Posted on February 26th, 2012
Have you ever gone to a Physiotherapist reporting pain in your leg and they haven’t even touched your leg, but rather treated your back instead? This is because the Physiotherapist recognised that you were suffering from a phenomenon called ‘referred pain’.
Referred pain is a term given to any pain that is felt in an area of the body that is not the true source of the pain. For example, pain in the legs often arises from dysfunction in the lower back, and arm pain or headaches can both be caused by problems in the neck. Consider when someone suffers from a heart attack and they feel pain in the left shoulder/arm. Almost every structure in the body can cause referred pain, including muscles, joints, organs and nerves.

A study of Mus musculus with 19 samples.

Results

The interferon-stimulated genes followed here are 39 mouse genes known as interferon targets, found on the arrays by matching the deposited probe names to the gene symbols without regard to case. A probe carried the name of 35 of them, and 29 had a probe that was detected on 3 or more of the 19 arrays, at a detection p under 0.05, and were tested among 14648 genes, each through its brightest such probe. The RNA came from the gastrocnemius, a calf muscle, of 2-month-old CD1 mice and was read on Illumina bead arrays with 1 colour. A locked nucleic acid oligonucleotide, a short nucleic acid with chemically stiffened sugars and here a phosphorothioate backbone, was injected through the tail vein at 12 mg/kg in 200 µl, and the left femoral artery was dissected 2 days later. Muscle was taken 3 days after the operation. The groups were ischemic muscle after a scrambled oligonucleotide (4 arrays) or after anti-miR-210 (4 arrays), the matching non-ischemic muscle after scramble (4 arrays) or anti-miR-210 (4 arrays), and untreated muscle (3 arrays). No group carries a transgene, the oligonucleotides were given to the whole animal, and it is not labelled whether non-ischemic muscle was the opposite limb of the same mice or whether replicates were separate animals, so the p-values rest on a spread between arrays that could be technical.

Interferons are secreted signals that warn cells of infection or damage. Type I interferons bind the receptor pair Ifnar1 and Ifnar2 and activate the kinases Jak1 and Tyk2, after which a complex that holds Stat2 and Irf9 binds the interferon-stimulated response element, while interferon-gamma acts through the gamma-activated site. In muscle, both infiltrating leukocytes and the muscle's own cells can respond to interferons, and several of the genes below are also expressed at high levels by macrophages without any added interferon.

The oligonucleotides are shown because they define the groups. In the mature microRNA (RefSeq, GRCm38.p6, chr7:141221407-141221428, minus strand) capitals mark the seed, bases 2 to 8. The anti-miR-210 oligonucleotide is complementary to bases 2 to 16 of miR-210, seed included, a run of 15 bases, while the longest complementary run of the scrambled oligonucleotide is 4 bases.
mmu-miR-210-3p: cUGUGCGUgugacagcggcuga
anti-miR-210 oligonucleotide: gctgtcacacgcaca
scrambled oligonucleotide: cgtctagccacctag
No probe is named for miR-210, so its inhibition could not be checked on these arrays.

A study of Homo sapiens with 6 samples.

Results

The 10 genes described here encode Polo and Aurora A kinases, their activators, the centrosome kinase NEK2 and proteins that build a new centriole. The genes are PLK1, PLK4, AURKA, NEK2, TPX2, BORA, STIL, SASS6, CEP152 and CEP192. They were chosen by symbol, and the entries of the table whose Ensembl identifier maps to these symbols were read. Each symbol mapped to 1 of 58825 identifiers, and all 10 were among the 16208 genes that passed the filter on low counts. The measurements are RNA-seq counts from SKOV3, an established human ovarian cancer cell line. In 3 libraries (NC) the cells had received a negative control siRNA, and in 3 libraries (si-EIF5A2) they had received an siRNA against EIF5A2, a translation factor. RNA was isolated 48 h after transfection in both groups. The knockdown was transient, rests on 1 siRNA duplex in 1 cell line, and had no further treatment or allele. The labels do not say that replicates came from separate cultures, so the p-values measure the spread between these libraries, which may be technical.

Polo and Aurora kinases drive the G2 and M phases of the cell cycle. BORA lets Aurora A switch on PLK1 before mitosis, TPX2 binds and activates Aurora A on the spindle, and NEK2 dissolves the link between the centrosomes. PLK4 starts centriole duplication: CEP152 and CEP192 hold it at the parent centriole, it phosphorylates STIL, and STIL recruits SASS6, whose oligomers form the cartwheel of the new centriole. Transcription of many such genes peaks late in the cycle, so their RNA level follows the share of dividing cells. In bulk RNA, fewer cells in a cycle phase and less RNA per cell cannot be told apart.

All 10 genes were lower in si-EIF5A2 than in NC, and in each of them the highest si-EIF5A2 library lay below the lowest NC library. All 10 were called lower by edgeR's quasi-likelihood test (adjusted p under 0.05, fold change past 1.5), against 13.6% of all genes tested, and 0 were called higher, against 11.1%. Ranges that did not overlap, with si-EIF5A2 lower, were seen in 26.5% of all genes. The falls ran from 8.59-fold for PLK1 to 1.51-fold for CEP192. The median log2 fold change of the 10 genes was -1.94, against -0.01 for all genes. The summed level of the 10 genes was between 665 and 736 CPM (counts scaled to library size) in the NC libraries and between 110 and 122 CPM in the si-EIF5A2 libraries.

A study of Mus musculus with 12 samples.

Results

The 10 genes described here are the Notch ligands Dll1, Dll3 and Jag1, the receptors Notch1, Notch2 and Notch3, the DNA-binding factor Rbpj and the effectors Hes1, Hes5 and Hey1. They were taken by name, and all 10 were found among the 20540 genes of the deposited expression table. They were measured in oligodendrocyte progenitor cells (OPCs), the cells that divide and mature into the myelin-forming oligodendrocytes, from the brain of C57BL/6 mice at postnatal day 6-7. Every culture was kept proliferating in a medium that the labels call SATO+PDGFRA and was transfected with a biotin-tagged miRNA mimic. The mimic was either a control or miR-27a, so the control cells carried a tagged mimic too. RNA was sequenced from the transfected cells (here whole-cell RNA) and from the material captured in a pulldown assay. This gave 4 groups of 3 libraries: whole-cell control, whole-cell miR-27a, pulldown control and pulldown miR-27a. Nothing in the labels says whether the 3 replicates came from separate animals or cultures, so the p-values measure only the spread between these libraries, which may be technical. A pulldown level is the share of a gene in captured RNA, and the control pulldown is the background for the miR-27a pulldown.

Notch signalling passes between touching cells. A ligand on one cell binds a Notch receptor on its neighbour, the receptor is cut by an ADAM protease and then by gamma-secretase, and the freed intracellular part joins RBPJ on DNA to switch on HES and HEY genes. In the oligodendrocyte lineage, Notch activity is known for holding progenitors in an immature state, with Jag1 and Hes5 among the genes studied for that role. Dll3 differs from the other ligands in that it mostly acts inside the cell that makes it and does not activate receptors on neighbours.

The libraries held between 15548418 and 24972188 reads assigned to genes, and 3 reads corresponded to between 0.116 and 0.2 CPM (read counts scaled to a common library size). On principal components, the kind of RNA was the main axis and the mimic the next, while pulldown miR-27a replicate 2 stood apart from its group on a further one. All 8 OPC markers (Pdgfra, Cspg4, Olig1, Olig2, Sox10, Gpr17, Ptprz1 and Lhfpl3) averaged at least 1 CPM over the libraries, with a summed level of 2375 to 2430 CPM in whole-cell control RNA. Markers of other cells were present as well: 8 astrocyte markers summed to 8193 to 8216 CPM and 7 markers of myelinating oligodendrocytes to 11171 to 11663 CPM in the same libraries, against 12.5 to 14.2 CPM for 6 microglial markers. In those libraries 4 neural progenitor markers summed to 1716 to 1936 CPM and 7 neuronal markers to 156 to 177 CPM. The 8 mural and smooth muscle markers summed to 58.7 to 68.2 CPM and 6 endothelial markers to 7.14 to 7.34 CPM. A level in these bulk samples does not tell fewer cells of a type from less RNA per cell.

There are two types of referred pain:
- Radicular pain: a sharp, shooting pain that occurs when a nerve gets irritated. This type of pain is usually associated with pins and needles, numbness or weakness. ‘Sciatica’ is one example.
- Somatic pain: a dull, achy pain that is hard to pinpoint the exact location. This type of pain occurs when one nerve collects information from two structures in the body and the brain cannot distinguish between the two structures.
Treatment of any pain requires a thorough assessment of both the area of the body that the pain is being perceived as well as the areas of the body that can refer pain to that area. If the assessment is not comprehensive, and the diagnosis of referred pain is missed, then treatment of the perceived painful area will not be effective. If the pain is determined to be referred from another source, then treatment targeted towards the source should resolve the pain.